Maryland Governor Ends Death Penalty Immediately

Governor Martin O'Malley.Governor Martin O’Malley. (Photo: Chesapeake Bay Program)In an ironic twist, Maryland has killed the death penalty a little sooner than anticipated. Just two years ago, state legislators decided to put an end to the controversial form of punishment moving forward. However, that still left four death row inmates lingering in a strange legal limbo. To stop capital punishment in the state once and for all, this week the governor announced a reprieve for each of the four inmates.

Governor Martin O’Malley, a Democrat who will be leaving office next month, decided to commute the sentences to life in prison without the chance of parole in an effort to save the state from inevitable trouble. Given the new law, the death row inmates would have a solid reason to legally challenge their own sentences, which would wind up costing the state a lot of time and money. Additionally, O’Malley cited the dubious morality of killing the remaining inmates after the legislators had declared capital punishment inhumane.

“The question at hand is whether any public good is served by allowing these essentially un-executable sentences to stand,” said O’Malley. “In my judgment, leaving these death sentences in place does not serve the public good of the people of Maryland.”

It’s not as though Maryland was carrying out Texas-levels of executions anyway. There have been just five executions in the past four decades, with the last one occurring back in 2005. By taking this step, O’Malley was merely closing this chapter a little earlier than scheduled. Even without commuting the inmates’ sentences, it’s most likely that all four inmates would have died naturally in prison before their executions were ever scheduled.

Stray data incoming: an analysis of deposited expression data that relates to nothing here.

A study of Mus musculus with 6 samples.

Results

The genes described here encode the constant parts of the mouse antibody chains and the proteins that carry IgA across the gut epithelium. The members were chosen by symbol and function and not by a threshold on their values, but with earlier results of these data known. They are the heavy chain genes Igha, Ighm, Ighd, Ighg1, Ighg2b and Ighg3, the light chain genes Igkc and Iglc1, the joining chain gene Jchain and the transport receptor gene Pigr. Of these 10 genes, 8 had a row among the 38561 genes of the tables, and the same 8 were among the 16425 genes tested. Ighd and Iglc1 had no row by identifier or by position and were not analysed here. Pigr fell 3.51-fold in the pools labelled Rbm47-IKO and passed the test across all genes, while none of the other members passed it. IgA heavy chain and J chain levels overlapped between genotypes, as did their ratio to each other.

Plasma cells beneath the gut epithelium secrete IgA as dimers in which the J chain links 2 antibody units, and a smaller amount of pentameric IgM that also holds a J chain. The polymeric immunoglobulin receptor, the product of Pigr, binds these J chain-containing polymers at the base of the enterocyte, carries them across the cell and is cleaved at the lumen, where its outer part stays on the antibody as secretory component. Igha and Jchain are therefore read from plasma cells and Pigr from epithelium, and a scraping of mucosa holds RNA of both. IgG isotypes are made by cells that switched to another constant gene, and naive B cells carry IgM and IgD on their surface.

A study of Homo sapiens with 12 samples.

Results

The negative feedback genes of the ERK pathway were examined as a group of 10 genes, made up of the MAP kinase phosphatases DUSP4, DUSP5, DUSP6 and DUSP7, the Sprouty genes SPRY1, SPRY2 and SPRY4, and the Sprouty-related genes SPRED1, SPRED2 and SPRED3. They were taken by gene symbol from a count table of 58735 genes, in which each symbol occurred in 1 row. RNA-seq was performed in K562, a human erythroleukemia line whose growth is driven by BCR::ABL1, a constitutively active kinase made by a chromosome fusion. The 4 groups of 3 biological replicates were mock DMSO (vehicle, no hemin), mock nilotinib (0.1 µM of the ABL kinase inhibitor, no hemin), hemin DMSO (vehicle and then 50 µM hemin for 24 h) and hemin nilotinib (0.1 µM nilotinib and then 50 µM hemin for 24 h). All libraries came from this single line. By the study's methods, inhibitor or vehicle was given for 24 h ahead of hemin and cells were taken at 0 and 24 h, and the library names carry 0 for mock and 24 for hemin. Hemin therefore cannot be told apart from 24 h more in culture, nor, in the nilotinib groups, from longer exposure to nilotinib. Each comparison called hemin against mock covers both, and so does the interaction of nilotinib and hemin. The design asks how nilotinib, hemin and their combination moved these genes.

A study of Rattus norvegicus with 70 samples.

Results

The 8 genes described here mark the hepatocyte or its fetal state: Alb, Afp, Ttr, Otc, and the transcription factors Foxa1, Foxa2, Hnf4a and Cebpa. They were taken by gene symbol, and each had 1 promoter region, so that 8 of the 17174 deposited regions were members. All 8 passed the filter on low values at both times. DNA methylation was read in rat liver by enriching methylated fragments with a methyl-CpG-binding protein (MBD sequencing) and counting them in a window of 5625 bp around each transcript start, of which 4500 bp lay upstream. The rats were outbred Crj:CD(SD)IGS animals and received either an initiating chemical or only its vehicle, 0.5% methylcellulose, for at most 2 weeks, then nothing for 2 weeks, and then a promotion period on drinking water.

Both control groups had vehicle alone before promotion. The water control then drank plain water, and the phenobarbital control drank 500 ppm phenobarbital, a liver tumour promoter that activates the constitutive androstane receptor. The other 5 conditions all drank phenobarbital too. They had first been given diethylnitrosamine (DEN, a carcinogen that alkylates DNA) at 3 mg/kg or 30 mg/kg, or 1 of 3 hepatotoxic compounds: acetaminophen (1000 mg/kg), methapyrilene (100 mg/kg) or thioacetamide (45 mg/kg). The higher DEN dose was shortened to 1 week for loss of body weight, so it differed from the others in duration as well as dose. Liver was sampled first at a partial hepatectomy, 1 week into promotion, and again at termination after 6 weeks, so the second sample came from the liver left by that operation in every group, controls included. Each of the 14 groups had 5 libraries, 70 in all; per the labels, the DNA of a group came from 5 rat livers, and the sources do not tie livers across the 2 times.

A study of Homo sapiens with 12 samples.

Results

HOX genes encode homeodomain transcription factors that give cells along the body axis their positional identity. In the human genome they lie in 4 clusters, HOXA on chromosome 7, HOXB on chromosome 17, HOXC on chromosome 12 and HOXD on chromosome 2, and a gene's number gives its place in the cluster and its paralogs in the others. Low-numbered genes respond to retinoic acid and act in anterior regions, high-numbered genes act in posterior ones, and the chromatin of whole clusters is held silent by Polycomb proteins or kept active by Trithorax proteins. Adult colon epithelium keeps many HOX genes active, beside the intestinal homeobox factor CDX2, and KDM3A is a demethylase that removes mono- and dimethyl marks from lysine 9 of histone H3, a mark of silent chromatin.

Larry Hogan, a Republican and the soon-to-be governor of the Maryland, is on the record for being in favor of the death penalty. Nonetheless, Hogan has stated that he has no intention of attempting to undo O’Malley’s decision to pull the plug on capital punishment when he assumes the state’s highest office. “I’m not in a place to second-guess,” said Hogan. “I am sure Governor O’Malley made his choice after a great deal of consultation and a thorough review of the facts.”

Before announcing his decision, O’Malley spoke to the families of the victims of the inmates remaining on death row. Not all of these contacted individuals were on board with O’Malley’s plan, however. Mary Moore, whose parents were murdered in 1996, is “devastated” by the development. “I kinda lost a little faith in the judicial system,” she said. “I don’t know how someone can pick up a pen and change the sentencing of someone.” Meanwhile, O’Malley expressed that by avoiding the lengthy appeals process, he hoped the families could at least find some closure.

Maryland isn’t the only state in the nation where the death penalty is on the outs. This past year, only 35 people were formally executed, the lowest number in 20 years. At this point, a whopping 72% of U.S. states have either put executions on indefinite hold, not executed anyone for at least five years, or have gotten rid of the death penalty altogether.